Aphasia

Today, we learned about words that are hard when speaking isn’t right because brains and words and sometimes the sounds aren’t coming.

That’s what this post might sound like if someone with aphasia wrote it.

Aphasia

Trouble speaking

Language processing in the brain:

Four main components of linguistics part of the brain

  • Angular Gyrus – helps with mapping visual inputs to linguistic representations
  • Broca’s Area – Region in the frontal lobe of the dominant hemisphere linked speech production and believed to help with comprehension
  • Wernicke’s Area – Posterior section of the superior temporal gyrus linked to speech comprehension (relates words – if I say ‘river’ and you think ‘bank’)

Paul Broca (1824 – 1880)

  • Born and lived in France
  • Son of a surgeon working for Napoleon
  • Autopsied the brains of people with aphasia and found they had lesions in the Broca’s area

o   Motive: see whether functions are localized in the brain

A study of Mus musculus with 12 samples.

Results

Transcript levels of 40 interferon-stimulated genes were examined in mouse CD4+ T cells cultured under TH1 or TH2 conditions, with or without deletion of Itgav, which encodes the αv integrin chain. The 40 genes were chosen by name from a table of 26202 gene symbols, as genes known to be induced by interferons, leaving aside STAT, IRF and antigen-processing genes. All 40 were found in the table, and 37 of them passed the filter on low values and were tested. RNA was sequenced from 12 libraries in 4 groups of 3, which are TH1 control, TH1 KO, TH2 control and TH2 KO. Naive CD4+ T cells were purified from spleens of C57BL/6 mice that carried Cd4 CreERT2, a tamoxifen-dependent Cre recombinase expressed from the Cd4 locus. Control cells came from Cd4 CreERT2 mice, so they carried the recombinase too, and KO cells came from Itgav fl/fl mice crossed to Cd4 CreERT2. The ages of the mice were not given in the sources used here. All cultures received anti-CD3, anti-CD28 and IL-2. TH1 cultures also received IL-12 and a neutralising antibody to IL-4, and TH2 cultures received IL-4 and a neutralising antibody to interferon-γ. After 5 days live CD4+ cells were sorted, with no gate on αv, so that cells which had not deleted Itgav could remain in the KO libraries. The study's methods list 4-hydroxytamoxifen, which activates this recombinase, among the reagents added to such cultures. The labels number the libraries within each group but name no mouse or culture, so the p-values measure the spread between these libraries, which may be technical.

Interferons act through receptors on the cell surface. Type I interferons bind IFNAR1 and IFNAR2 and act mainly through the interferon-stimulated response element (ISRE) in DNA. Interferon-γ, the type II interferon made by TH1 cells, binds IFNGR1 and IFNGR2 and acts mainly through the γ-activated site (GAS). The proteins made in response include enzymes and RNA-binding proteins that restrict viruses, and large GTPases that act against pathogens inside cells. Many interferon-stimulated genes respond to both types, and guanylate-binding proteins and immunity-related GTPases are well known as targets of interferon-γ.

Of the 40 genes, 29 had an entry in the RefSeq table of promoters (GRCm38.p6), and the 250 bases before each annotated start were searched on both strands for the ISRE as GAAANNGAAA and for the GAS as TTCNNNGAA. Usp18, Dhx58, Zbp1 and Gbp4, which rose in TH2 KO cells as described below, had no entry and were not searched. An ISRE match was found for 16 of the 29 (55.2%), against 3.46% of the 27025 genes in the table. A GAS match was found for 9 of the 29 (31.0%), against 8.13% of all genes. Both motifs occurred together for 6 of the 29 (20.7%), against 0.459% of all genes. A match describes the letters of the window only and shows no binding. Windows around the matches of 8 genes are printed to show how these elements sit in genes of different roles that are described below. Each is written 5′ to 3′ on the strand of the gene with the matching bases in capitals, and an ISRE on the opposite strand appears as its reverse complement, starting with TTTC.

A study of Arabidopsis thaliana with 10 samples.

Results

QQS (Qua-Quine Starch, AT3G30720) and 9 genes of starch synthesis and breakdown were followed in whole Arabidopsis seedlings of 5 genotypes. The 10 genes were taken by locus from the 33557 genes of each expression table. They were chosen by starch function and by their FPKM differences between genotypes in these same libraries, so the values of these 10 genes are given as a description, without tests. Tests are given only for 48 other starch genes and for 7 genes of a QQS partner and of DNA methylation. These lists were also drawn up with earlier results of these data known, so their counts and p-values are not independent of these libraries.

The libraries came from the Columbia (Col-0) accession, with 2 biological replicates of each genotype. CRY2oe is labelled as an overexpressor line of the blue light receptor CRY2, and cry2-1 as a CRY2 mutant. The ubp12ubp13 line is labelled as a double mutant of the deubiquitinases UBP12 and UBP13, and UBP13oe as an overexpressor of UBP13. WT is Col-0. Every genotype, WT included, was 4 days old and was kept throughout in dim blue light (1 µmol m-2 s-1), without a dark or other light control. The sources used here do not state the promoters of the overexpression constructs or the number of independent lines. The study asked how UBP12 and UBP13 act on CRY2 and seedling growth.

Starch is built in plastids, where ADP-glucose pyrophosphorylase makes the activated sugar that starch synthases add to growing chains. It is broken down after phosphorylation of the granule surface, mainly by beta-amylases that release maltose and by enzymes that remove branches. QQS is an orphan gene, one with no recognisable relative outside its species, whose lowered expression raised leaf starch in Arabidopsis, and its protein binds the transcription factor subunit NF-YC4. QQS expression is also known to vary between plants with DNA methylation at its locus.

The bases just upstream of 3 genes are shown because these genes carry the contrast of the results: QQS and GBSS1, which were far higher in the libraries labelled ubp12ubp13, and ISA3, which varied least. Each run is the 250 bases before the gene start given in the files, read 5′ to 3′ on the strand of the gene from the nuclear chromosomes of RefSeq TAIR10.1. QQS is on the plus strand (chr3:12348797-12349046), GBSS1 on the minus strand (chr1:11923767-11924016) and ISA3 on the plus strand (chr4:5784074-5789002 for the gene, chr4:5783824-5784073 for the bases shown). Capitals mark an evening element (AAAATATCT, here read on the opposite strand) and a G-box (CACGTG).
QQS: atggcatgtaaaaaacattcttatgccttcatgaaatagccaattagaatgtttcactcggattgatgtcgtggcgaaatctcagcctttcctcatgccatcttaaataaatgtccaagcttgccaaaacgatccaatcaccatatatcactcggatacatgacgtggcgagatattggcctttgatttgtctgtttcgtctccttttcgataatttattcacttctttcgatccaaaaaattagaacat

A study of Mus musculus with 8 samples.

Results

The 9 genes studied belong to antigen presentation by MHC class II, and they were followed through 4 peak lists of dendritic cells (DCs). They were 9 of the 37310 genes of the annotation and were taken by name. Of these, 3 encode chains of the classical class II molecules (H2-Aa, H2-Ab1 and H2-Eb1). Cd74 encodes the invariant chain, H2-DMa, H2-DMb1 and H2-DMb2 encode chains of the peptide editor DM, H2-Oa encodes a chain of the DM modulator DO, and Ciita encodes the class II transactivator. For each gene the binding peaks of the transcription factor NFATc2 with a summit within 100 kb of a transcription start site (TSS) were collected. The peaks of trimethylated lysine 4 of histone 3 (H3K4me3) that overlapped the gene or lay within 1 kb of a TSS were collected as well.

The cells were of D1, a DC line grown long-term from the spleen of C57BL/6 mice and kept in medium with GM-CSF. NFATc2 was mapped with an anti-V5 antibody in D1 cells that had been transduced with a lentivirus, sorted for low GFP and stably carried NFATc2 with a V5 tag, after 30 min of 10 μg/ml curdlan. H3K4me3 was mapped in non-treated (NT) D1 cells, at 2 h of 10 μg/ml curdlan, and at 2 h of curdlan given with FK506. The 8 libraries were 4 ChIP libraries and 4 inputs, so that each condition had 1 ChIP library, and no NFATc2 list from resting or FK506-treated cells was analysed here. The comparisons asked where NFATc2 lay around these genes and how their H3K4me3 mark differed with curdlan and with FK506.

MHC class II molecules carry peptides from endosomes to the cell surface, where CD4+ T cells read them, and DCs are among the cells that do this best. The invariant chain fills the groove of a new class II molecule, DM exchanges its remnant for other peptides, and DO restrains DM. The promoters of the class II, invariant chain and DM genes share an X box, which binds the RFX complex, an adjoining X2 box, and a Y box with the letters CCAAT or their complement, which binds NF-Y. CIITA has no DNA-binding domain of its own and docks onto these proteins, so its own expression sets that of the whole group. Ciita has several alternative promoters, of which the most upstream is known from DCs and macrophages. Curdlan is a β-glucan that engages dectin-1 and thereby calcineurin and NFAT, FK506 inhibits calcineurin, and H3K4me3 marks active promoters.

• Marc Dax made similar observations a generation earlier

Carl Wernicke (1848 – 1905)

  • Born and lived in Germany
  • Heard about Broca’s work
  • Found Wernicke’s area

There are a lot of types of aphasia (many just describing)

  • Fluent/Expressive aphasia – can’t understand but can speak (Wernicke’s area affected)
  • Non-fluent/Receptive aphasia – speech production is hard but they can understand (Broca’s area affected)
  • Primary progressive aphasia – chronic condition caused by neurodegenerative diseases
  • Transient aphasia – temporarily causes garbled and mumbled speech

Some more classifications:

  • Mixed non-fluent
  • Atomic
  • Global

There are two types of treatment. One tries to repair the impairment, stimulating specific language skills. This one constraints the patient and forces the patient to use spoken language. The other wants to enhance communication by any means. For one example, it goes through scripted conversations to practice communication skills.